Uber's Head of PR walked away from an Apple job offer


Hazelbaker is known for her no-nonsense, company-first attitude. Since 2015 has been making a name for herself as the face of Uber's PR department.

According to The Information, Apple had attempted to hire her, stating that Tim Cook was a fan, but the offer never materialized into a position at Apple.

She started in public relations in 2007 when she joined up with Jonh McCain's presidential campaign. During her time there, she was promoted to communications director.

After McCain's loss, she joined Michael Bloomberg's reelection campaign in New York, leading him to victory. Her time with Bloomberg was cut short, as in 2010, she began working with Google in the PR department.

In 2014, she moved from Google to Snapchat. A year later, Hazelbaker made a move to work with Uber.

Since 2015, Hazelbaker has been with the rideshare pioneer, working to extinguish PR fires as they popped up. She was responsible for handling the 2017 issues surrounding gender discrimination and toxic workplace culture.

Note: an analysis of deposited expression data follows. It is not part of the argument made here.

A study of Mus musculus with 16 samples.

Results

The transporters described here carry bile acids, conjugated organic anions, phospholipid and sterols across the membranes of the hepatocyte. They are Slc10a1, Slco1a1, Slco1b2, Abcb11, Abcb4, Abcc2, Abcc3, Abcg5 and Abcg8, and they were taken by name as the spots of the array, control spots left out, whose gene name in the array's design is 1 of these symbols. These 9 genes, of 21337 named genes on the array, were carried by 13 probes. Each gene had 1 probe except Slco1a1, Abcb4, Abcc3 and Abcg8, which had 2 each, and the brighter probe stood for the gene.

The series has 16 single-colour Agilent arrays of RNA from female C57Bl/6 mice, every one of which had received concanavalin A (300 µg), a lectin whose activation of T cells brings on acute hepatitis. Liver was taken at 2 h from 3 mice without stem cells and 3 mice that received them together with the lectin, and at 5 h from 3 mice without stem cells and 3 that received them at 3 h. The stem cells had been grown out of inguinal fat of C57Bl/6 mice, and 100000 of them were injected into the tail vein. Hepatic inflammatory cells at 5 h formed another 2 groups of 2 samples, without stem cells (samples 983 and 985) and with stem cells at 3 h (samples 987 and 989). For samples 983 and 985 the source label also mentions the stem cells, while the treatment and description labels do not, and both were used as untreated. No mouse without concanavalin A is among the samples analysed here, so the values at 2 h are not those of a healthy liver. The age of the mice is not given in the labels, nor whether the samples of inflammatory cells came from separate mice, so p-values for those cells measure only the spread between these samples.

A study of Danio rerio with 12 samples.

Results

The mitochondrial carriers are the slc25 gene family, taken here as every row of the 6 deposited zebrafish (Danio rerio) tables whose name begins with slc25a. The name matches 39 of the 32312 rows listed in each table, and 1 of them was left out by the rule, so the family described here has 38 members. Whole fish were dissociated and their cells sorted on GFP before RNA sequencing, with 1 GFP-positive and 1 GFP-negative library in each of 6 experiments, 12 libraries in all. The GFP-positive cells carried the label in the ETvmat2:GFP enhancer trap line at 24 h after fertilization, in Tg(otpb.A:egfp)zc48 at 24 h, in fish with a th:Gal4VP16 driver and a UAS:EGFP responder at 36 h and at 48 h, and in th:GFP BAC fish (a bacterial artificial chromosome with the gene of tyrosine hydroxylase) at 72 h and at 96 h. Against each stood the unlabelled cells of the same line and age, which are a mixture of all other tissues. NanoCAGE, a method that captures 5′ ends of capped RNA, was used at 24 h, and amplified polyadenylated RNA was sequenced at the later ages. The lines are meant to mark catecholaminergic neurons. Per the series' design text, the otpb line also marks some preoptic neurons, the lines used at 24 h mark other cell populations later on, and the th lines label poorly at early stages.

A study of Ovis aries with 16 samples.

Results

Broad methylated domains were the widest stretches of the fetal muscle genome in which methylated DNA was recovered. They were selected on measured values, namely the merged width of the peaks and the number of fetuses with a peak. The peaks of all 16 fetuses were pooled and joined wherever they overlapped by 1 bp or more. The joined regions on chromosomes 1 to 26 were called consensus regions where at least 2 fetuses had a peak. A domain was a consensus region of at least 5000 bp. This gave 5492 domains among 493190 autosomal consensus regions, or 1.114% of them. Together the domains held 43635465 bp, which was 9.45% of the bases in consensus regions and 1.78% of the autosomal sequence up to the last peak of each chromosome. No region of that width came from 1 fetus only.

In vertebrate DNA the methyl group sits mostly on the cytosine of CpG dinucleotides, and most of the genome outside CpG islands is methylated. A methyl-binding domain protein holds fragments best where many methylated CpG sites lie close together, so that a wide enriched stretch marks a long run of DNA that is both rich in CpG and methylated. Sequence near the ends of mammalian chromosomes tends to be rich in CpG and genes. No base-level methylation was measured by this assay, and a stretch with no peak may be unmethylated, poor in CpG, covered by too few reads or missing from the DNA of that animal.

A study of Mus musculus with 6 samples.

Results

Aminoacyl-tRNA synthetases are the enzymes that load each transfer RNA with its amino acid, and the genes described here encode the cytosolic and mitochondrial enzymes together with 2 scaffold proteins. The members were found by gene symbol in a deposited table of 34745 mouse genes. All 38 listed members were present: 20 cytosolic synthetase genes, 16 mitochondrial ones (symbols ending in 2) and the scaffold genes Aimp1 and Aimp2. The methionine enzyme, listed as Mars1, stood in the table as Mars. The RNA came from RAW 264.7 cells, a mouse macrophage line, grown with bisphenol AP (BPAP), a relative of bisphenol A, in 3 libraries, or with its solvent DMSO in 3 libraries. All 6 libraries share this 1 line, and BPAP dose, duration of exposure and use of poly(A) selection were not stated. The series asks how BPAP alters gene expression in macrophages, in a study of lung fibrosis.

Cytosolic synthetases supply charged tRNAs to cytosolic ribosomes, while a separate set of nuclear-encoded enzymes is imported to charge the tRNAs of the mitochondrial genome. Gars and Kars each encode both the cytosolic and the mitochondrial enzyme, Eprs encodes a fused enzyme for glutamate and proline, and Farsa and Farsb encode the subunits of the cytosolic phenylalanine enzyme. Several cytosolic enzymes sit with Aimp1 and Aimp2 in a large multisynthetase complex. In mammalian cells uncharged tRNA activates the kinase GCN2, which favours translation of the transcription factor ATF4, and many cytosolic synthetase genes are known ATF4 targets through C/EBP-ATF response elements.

When a video surfaced of then CEO Travis Kalanick yelling at an Uber driver while a passenger was in the car, Hazelbaker was tasked with cleaning up the damage. She handled the situation by leading the charge to have Kalanick step down as Uber's CEO, instead allowing the company to move on from the bad press surrounding him — and ultimately, he did.

When speaking about it, she reiterates her duty to the company, not to any single person.

"I felt my job was to serve the company and its employees and its shareholders and not any one executive, and I think that was a really tough period for Uber, and I'm proud of how we have come out the other side," she said.

Since then, her primary role has been helping Uber fight against policies requiring the company to treat drivers as employees. Along with others at Lyft, GrubHub, DoorDash, and more, she worked tirelessly to pass the controversial Proposition 22 — which exempts app-based transportation and delivery companies from providing employee benefits to drivers.